The first debate between US presidential nominees Hillary Clinton and Donald Trump was a record-breaking affair. Eighty-one million viewers tuned in to watch the former secretary of state and New York real estate mogul face off, with an additional 2.5 million viewing via YouTube. Those are the highest ratings ever, surpassing the 80.6 million that watched president Jimmy Carter debate Ronald Reagan in 1980.
Frankly, the numbers could have been higher. The debate was precedential in more ways than one—Hillary Clinton is the first woman to be nominated for the office of president by a major political party in the United States. And Donald Trump, aside from being an unusually attitudinal candidate, is the first reality-television star to be nominated. The match-up sets a high bar for future presidential campaigns when it comes to intrigue and star quality, for sure. And it will certainly compare starkly to the first debate between the nominees’ running mates, Republican governor of Indiana Mike Pence and Democratic senator from Virginia Tim Kaine.
The vice presidential candidates, unlike their running mates, are almost aggressively normal. These are two men who, with their resumes steeped in establishment politics, might have been party nominees themselves in other campaign years. But in 2016, when links to Washington and expansive political wheeling-and-dealing seem to be doing candidates more disservice than anything else, what function do men like Pence and Kaine serve?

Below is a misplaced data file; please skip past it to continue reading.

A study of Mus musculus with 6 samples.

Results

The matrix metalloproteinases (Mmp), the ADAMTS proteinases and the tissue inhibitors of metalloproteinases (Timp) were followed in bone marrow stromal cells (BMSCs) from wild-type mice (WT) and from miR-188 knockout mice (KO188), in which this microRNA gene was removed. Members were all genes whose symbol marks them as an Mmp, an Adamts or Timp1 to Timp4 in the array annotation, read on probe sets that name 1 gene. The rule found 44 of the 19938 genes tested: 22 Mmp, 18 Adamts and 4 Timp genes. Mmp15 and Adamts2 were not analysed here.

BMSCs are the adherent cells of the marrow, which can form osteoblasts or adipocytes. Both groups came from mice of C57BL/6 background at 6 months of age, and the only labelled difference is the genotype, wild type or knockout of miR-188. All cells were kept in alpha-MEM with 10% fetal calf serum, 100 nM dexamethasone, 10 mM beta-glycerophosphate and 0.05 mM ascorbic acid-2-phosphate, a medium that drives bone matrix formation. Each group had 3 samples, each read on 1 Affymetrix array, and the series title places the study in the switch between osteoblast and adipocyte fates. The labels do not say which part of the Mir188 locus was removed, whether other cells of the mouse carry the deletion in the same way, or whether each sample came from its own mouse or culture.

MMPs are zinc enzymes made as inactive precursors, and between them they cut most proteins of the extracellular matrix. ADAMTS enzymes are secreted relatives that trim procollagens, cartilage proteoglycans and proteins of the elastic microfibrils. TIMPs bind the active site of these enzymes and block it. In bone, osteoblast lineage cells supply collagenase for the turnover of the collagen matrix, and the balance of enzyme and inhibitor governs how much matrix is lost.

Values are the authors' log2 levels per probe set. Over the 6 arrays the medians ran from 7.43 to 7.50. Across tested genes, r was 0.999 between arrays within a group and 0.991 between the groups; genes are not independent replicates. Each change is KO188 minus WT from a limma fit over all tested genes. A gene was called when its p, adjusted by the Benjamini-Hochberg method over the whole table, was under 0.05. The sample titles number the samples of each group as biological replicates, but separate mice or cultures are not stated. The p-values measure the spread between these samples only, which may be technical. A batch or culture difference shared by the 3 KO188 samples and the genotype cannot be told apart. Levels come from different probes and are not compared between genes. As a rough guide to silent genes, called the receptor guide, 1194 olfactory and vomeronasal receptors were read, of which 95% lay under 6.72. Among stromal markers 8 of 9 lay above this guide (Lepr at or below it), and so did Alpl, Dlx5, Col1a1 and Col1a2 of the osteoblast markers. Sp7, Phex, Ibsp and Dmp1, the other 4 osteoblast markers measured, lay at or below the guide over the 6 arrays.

Perhaps they’re the rational sandbags weighing down the more dramatic hot air balloons that are their running mates’ campaigns. That seemed to be Clinton’s implicit rationale when opting for Tim Kaine’s wider, more moderate appeal over more radical choices like Bernie Sanders or Elizabeth Warren.
The upside to their comparative harmlessness might be an actual debate of ideas, however. During Monday’s debate, it seemed as though Hillary Clinton was bouncing sound policy proposals off a brick wall. Donald Trump, in true fashion, appeared utterly incapable of stringing together a complete thought, let alone a cogent response to a question posed by moderator Lester Holt.
Kaine and Pence, while radically different in their policy standpoints and social ideologies, are polite guys, less prone to disruptive fits of egotism than the Republican nominee. There’s a reason the political commentariat is referring to the upcoming debate as #Dadbate—and while the assessment is tongue-in-cheek, the opportunity for Americans to hear measured and fair appeals, side by side, is the very basis for our debate system, vital to the effective practice of American democracy. If only we could count on all 82.5 million subjected to the spectacle of the last debate tuning in for this more mild-mannered remedy.